Myanmar seen in monochrome

Early morning near Inle Lake, Myanmar

As I’ve been in Burma traveling around some years ago I could see the big potentials as an exciting travel destination. It started to take a faster pace in 2011 as more and more tourists had the chance to visit the country. Now it has been raised from fourth place in 2012 to the top spot in 2013 in some of the traveler magazine ratings.

Mist over the Irrawady River

It’s actually not much of a surprise for me as you can find plenty of highlights in the country. There are the old grand colonial buildings in Yangoon itself not to mention the incredible Schwedagon Pagoda. In the north in Mandalay near the Irrawaddy River you will find a town surrounded by hills which are topped with pagodas wherever you look.

A stupa-studded plain in the middle of the country – Bagan – is waiting to be explored. And last but not least the vast Inle Lake here you can find fishermen in their canoes paddling an oar with one leg.

Everything is worth to be shown in bright and vibrant colors. That said I just got a call from a friend of the Hanoi Photo club who accused me to have given him a virus. A virus of black and white!

Canoe with fisherman in Myanmar

So I thought, as I already have some experience using it in my street photography, why not cast color aside as well for some landscape shots in favor for a timeless and beautiful look of monochrome? But to do myself justice I didn’t do it for the one and only reason many might try it nowadays.

All too often you can see that black and white is casually dismissed and just used for problem images. It seems to me, that it is often taken as a solution and quick fix when an image hasn’t worked in color. Why not try a b/w – wow!? – or may be not so wow at all.

I might look like an old grumpy grandfather - … back in the days when … But it is true back in the days of film b/w hasn’t been a safety net. You had to choose between color or b/w with film. To convert your color shots to b/w afterwards hasn’t been made a concept at that time as only a few photographer developed and processed their images on their own. Post-production was a thing you had a lab for.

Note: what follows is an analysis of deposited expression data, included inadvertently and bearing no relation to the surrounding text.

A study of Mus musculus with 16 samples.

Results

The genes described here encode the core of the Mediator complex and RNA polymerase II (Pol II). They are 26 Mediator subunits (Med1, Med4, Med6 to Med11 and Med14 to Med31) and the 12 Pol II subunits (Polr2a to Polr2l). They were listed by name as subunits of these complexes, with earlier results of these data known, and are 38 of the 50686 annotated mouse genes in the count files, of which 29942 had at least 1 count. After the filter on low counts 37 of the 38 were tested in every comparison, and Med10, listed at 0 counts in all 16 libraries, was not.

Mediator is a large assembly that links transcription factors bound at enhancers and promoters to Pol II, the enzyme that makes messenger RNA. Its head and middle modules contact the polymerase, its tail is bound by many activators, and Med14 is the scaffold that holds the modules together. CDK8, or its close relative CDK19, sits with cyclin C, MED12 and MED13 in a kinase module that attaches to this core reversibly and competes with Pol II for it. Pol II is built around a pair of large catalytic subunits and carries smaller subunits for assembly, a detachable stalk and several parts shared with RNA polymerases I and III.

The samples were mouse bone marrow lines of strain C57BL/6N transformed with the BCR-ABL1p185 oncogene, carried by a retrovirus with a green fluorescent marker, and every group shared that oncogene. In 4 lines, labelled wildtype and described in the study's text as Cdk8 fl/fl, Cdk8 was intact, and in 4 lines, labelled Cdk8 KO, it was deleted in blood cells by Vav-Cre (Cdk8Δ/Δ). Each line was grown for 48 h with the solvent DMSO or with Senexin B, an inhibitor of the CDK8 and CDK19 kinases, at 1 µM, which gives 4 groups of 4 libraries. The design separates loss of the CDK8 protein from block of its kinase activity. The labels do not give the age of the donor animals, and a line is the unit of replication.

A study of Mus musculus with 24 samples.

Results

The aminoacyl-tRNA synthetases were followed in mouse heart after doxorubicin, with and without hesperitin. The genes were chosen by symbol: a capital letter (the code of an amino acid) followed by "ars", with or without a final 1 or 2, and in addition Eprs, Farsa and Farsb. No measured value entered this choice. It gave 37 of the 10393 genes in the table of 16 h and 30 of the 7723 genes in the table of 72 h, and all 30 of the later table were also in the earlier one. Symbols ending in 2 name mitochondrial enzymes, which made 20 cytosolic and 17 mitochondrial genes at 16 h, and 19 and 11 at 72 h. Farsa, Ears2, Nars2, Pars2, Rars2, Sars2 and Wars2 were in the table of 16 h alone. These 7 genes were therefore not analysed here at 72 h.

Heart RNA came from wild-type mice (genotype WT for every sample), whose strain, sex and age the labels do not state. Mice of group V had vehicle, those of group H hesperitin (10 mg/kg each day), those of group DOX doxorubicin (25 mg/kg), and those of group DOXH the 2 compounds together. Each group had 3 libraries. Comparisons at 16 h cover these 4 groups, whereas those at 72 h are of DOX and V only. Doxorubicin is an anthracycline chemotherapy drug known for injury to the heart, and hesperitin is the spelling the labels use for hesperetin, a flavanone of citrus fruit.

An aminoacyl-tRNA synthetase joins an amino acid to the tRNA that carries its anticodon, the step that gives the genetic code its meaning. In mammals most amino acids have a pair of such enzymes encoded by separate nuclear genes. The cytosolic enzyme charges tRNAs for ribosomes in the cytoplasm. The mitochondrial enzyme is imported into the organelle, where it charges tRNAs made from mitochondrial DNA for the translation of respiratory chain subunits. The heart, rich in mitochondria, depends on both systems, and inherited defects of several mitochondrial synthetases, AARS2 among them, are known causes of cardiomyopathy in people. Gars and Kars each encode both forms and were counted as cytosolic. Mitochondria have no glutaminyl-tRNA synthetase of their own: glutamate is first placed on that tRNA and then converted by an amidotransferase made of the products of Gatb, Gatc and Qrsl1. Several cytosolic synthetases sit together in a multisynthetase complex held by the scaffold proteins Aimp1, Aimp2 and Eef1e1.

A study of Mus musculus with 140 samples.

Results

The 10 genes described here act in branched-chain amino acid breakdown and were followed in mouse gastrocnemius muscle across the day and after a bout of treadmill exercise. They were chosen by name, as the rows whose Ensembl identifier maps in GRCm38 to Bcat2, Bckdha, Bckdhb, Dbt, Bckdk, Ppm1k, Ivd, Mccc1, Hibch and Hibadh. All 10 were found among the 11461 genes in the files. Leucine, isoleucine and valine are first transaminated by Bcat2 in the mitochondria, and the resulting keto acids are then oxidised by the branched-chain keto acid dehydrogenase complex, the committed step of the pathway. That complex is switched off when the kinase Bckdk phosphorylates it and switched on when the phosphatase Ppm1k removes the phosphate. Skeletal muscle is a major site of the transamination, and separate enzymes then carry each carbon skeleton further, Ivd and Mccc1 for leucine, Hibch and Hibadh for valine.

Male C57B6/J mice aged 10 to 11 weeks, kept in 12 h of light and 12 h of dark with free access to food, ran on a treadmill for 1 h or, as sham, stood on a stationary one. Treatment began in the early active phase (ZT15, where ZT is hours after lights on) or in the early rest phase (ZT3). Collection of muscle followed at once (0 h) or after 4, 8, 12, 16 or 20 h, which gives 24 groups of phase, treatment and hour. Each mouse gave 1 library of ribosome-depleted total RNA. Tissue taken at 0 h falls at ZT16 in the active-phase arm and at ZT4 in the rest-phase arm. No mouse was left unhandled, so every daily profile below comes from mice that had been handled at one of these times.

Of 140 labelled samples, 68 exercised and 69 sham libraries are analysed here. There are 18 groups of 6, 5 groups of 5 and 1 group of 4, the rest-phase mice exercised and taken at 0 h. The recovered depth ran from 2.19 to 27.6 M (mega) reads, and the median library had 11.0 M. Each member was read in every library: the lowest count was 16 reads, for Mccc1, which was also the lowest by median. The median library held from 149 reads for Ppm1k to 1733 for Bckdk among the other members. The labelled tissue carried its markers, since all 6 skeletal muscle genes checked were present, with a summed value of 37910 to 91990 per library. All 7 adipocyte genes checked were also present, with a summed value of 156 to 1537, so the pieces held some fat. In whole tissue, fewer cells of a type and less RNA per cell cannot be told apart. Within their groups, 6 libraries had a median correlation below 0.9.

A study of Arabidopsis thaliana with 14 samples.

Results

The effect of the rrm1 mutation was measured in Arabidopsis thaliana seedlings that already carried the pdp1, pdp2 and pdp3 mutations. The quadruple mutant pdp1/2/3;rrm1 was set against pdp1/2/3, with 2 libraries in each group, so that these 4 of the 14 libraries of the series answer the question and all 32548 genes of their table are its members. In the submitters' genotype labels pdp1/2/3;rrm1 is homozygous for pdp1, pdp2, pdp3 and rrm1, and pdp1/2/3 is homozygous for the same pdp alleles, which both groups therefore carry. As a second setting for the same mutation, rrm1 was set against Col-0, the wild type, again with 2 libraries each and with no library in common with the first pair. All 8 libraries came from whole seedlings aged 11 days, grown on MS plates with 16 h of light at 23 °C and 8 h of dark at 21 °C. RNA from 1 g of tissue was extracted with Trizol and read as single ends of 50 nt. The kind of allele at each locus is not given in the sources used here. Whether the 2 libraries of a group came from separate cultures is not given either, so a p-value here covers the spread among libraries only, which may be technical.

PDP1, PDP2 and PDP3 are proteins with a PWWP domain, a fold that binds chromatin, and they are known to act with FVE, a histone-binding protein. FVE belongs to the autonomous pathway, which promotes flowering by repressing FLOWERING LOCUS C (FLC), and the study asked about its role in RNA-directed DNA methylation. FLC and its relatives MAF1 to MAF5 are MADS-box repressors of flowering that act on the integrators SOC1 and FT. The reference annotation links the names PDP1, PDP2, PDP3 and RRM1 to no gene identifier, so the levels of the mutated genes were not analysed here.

Today with all different kind of post production software you can be your own master and just changing from color to b/w if your white balance settings are a mess, if the exposure is off or lighting is flat is very easy and tempting. Sometimes a good solution as well. On the other hand there is the downside that fewer photographers are taking their time to actually think in b/w.

Mandalay region

There might be hundreds of ideas why you should shoot in b/w at least once in a while – here just some few I was thinking of:

Timelessness

As I mentioned it before a b/w image gives you a classic look especially when you take portraits. It is a look very hard to reproduce in a color photograph.

Textures

As there are no color hues to distract you will see the textures and the different ranges in it much more.

Focus

By removing the color from an image your focus in the images will be much more prominent and you can guide the eye of the viewer easier than in a color image.

Shape and contrast

Light and dark are more obvious and shapes and shadows are there to help you create an image.

If you read some of the color studies you might recall that various colors give different emotional responses to different people – some of them are unique to individuals some are more universal. Our brain respond differently to b/w as it represents a reduction and gives us the chance to see the subtle charms of contrast, texture, pattern, shape and form.

Due to the still expensive gear concerning middle format photography I am shooting b/w film and as I like to develop the film on my own I opted for b/w and learned and am still learning in seeing things differently than shooting in color.

As I found the following article on the web: Black (and White) is Back by Brienne Walsh in Rangefinder Magazine I felt really good that it’s coming back. I am kind of drawn to the way they make me feel while shooting.

So just try to see things from a point of texture, shapes and the contrast between light and shadow and be surprised what monochrome images can give to you.